IMF praise for booming Irish Republic provides ammunition for pro-euro lobby


Groups campaigning for Britain's entry into the euro seized on a report yesterday from the International Monetary Fund praising the state of the Irish economy.

The IMF said the economy was "well-placed to continue to perform strongly". It said inflation, currently at a 15-year high, would peak in the second half of this year.

Britain in Europe, a pro-euro lobby group, said the report undermined a key eurosceptic argument that the Irish Republic's runaway inflation showed a booming economy like the UK's could not survive without the power to set interest rates. "The report explodes the anti-European myth that Ireland is a failing economy," said Kitty Ussher, chief economist at BiE. "Anti-Europeans in Britain should accept the truth about Ireland rather than attempting to misrepresent it for their own ideological purposes."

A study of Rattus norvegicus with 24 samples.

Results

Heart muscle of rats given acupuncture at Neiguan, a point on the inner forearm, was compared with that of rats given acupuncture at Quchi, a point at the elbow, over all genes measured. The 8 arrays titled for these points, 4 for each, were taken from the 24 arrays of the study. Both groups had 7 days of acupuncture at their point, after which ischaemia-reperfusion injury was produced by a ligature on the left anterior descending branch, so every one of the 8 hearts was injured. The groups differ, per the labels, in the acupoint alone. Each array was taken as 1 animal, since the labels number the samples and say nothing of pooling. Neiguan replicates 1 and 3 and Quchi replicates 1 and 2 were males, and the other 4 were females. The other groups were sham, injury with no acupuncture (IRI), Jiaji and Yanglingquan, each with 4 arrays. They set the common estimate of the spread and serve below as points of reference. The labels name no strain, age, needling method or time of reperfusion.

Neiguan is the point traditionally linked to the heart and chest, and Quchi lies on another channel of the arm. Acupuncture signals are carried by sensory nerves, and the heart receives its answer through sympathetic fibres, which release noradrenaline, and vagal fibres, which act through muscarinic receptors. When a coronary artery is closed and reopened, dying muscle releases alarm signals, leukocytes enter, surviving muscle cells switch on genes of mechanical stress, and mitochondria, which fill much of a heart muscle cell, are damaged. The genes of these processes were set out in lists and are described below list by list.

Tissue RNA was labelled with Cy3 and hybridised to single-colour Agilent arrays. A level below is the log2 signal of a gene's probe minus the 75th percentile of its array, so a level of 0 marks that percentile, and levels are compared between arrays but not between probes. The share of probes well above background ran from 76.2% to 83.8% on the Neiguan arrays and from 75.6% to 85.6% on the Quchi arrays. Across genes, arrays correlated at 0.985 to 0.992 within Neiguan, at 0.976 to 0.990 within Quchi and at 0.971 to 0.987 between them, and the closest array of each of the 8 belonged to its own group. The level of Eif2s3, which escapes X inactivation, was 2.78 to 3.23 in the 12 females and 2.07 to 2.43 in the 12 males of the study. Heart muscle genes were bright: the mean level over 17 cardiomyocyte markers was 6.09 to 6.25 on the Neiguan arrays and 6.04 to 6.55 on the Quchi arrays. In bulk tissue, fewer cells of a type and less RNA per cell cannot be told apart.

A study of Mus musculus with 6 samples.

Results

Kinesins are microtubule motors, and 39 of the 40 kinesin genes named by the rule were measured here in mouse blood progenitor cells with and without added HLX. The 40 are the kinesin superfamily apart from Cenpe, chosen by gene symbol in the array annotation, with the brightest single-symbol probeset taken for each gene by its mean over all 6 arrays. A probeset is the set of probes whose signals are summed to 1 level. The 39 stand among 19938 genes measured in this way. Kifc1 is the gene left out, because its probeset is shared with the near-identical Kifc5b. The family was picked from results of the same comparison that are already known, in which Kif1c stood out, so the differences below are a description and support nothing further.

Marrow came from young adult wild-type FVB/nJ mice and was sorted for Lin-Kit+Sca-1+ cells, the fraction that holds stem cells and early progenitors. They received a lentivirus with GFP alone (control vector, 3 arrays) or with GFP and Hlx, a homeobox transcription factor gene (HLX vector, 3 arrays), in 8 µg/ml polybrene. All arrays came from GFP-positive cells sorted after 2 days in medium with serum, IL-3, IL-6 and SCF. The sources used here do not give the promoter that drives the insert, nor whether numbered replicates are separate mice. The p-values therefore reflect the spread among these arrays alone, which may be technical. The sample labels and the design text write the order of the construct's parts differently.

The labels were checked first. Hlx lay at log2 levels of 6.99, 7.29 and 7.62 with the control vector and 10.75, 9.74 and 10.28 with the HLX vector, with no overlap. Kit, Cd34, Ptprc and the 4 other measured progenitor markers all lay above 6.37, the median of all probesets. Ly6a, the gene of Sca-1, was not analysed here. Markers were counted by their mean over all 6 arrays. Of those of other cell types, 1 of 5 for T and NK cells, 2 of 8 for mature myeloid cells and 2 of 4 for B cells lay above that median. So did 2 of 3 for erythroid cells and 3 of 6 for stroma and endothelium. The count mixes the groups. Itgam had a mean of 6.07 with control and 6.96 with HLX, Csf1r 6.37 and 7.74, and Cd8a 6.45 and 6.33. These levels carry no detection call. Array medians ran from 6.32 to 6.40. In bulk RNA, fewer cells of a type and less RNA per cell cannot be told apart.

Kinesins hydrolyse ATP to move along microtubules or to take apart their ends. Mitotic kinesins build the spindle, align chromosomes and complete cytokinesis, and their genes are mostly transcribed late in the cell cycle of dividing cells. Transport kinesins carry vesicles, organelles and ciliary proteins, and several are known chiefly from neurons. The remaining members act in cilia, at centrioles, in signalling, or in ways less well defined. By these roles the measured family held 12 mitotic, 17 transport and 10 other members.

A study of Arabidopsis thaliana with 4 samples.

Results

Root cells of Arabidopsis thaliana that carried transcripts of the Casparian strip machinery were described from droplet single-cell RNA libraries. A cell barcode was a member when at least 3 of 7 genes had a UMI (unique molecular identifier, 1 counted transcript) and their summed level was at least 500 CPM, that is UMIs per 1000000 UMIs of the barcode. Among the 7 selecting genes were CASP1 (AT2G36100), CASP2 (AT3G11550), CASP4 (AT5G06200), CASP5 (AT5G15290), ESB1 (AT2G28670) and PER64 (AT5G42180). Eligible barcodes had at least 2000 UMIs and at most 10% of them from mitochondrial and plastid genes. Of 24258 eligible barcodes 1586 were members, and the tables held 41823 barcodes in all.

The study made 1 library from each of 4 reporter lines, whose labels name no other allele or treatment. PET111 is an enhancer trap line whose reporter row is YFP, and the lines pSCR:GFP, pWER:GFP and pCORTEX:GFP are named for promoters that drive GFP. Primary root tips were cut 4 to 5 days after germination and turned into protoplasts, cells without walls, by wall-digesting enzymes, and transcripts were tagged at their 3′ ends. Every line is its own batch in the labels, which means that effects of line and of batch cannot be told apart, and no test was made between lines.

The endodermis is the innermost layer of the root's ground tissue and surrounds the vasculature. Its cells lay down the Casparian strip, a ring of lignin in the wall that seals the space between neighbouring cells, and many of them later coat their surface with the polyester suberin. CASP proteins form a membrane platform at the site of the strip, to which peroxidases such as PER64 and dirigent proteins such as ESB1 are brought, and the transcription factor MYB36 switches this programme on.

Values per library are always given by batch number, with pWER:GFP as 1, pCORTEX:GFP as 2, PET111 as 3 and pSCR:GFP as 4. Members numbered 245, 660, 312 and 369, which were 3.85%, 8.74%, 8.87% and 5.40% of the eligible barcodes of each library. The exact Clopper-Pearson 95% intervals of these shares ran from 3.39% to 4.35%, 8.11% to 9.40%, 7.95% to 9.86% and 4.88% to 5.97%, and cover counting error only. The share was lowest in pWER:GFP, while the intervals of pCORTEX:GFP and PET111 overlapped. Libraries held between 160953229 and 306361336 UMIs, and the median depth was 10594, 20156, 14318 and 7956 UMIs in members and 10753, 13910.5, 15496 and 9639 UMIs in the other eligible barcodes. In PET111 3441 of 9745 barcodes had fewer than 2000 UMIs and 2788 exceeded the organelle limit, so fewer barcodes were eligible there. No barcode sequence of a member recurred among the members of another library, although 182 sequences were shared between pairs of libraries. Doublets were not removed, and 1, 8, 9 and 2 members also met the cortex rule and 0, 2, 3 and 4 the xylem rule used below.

But Business for Sterling said the report clearly highlighted that monetary policy was too loose. "This should lead commentators to keep a very close eye on Ireland to continue to monitor the impact of giving up control of interest rates," said a spokesman, Andrew Haldenby. "I don't think anyone should crow about this report. We would support what Eddie George said, that if the UK had joined Emu on January 1 1999 would now be having an inflationary boom."

The IMF said the Irish economy would grow at 8 per cent this year. It said this reflected "fundamental improvements" in economic performance and a boost from its membership of economic and monetary union.

It warned overheating pressures had become more pronounced, with labour shortages driving up wages, infrastructure bottlenecks and a surging housing market.

"Medium term prospects remain favourable," it said. "However overheating in the short term poses a significant risk to this outlook."

It said higher inflation was to be expected because of Ireland's higher productivity and was sustainable as long as recent agreement on public sector were adhered to.

Austin Hughes, chief economist at IIB Bank, said: "Reading between the lines, they are saying 'well done, but handle with care'."